Resistance bridge calibration
Temperature measurement is one of the most demanding applications of resistance measurement. It requires the measurement of resistance ratios to accuracies of better than 1 part in 107, sometimes better than 1 part in 108. While dc resistance standards are sometimes available at this level, ac resistance standards are generally not. So how can we show that our resistance and temperature measurements are accurate as we claim?
One simple method for checking the linearity of a resistance bridge is to measure a pair of resistors individually, and then measure the two in series. Ideally the series measurement should equal the sum of the two individual measurements. If not, then the measurements give us a little bit of information about the errors in the bridge readings. Another check is to measure the ratio of two resistances, say R1/R2, then swap the resistors and measure the reciprocal ratio (or complement), R2/R1. Ideally the product of the two measurements should equal 1.0 exactly, if not, the measurements give us more information on the bridge errors. Most importantly, for both of these tests we do not need to know exactly values of the resistors to make this test work. All that is necessary is for them to be stable for the duration of the measurements and for the formation of the series combination to be accurate.
The Resistance Bridge Calibrator exploits the same principles as the linearity and complement check. It uses a network of four stable four-terminal resistors that can be connected in 35 different series and parallel combinations. By measuring each combination in the two different ways (as with the complement check) up to 70 different measurements can be made. Since the RBC has just four unknown resistance values, we obtain 66 independent measurements containing information about the errors in the bridge readings. With the appropriate analysis and modelling we can estimate the errors in the bridge readings. This 'combinatorial' calibration method is particularly powerful because it is not necessary to know the actual values of the four resistors, or their frequency dependence for ac measurements. This means we can calibrate any ac or dc bridge to any accuracy, so long as the four resistors are stable for the duration of the measurements and they are combined accurately in the various series and parallel combinations.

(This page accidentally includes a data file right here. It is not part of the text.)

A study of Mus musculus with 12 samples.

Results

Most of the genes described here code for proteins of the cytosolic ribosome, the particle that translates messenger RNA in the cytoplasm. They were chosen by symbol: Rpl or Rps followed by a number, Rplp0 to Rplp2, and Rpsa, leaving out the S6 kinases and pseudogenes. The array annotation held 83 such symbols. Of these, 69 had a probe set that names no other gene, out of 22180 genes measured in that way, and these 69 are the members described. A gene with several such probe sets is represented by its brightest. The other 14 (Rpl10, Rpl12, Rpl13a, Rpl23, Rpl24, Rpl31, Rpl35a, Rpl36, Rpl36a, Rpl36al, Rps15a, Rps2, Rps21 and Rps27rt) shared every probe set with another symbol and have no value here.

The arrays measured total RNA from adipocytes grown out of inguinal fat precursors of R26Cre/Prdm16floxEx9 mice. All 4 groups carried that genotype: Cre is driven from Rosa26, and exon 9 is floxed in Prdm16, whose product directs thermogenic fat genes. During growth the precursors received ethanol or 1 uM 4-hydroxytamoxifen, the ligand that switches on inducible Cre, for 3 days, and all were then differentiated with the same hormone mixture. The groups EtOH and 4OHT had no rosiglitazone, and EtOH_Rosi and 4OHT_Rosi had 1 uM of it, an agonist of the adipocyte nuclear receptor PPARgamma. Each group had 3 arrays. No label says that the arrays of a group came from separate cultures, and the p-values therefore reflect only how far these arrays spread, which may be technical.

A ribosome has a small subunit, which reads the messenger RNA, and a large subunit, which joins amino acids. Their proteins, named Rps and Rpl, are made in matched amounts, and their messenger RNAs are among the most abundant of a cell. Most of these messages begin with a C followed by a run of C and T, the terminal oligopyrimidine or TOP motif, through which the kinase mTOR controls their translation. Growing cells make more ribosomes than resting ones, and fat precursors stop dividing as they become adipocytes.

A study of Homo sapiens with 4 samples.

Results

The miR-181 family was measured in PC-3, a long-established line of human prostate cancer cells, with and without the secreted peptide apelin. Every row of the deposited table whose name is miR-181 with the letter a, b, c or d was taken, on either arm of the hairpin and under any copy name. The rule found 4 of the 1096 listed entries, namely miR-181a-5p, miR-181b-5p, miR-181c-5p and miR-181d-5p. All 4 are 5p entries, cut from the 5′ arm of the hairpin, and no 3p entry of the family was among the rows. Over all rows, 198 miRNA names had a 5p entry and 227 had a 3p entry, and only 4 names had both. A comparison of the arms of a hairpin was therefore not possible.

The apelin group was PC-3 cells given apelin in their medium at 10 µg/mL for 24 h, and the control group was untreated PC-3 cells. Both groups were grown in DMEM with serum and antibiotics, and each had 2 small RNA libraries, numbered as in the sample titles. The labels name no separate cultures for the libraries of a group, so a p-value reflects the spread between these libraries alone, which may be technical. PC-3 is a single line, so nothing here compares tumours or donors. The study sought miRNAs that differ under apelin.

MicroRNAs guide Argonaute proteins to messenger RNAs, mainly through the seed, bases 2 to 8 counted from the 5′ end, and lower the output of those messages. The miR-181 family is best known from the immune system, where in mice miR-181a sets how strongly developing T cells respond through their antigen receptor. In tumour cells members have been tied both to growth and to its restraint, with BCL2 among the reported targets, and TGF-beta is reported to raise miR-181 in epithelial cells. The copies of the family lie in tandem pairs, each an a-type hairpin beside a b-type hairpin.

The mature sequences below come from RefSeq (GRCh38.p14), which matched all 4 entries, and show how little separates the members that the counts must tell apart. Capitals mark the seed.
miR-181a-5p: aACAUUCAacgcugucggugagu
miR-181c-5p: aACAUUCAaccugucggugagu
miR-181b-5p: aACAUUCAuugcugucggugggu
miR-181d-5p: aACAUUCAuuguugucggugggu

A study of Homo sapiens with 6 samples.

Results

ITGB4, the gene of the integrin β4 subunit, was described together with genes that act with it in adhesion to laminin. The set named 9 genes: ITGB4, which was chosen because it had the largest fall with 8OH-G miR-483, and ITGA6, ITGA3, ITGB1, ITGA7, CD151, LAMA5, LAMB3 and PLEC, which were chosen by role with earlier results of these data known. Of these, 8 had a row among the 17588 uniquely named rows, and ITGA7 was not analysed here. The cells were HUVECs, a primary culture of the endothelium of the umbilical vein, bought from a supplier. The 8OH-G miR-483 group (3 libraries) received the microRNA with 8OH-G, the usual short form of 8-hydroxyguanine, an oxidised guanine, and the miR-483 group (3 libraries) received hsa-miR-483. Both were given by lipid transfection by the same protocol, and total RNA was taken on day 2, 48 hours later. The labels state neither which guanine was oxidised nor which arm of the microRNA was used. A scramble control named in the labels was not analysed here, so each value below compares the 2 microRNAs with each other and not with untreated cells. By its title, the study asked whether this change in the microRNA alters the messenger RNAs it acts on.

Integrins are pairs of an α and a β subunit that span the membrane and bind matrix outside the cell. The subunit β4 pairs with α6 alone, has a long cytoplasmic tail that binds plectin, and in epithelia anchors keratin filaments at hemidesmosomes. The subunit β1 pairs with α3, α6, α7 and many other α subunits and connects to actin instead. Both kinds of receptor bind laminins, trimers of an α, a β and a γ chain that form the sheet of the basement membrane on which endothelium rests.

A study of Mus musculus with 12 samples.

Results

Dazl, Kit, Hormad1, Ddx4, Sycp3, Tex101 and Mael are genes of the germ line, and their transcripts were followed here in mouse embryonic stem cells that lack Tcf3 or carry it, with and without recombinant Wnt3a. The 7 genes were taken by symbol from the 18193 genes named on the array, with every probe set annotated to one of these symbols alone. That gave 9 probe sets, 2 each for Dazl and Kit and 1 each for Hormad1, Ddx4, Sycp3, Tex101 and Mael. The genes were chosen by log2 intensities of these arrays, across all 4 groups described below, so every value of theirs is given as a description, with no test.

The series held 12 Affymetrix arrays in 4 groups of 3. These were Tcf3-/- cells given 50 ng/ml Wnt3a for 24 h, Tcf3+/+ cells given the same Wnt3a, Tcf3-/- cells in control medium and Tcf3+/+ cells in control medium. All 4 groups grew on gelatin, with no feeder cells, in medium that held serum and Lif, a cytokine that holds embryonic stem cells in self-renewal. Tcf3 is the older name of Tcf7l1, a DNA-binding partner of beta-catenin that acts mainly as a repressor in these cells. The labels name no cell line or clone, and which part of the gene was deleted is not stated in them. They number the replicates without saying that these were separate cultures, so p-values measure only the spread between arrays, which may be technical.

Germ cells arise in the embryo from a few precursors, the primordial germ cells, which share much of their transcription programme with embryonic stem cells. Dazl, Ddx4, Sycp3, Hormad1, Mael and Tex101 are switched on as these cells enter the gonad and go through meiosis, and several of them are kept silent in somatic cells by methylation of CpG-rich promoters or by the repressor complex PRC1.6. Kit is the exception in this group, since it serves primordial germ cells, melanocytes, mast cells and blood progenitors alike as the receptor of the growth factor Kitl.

The patent for the Resistance Bridge Calibrator was filed in 1994, the first commercial RBC was produced in 1997, and the RBC won and R&100 award in 1998. RBCs are now in use in most national measurement institutes around the world. Rod White won the 1998 Royal Society Cooper medal for developing the RBC.
Caption: The four four-terminal resistors in the RBC can be connected in 35 different series and parallel combinations. The figure shows the R1 + R2 combination.
Current research on the RBC is focused on making an automatic RBC with a USB interface. At this point we have overcome the three big engineering problems associated with the automation and 5 prototypes are under test.
The principles underlying the RBC can be applied to many different indicating instruments, and we have developed calibration schemes based on the ‘combinatorial method’ to calibrate mass balances, weighbridges, and optical detectors.
For further information contact Rod White
D R White, K Jones, J M Williams and I E Ramsey, “A simple resistance network for the calibration of resistance bridges”. IEEE Trans. Instrument. Meas. IM-46, 1068-1074, 1997
D R White and J M Williams, “A resistance network for verifying the accuracy of resistance bridges” Proc. CPEM ’96, IEEE Trans. Instrument. Meas. IM-46, 329-332, 1997
D R White “A Method for calibrating resistance bridges”. Proc. TEMPMEKO ’96 (Ed P. Marcarino: Levrotta & Bello, Torino) pp129-134, 1997
D R White, “Contribution of Uncertainties in Resistance Measurements to Uncertainty in ITS-90”, in Temperature: its Measurement and Control in Science and Industry, Vol 7 (Ed. D. C. Ripple: AIP) pp321-326, 2003
D R White, M. T. Clarkson, P. Saunders, and H. Yoon, “A general technique for calibrating indicating instruments”, Metrologia, 45, 199-210, 2008.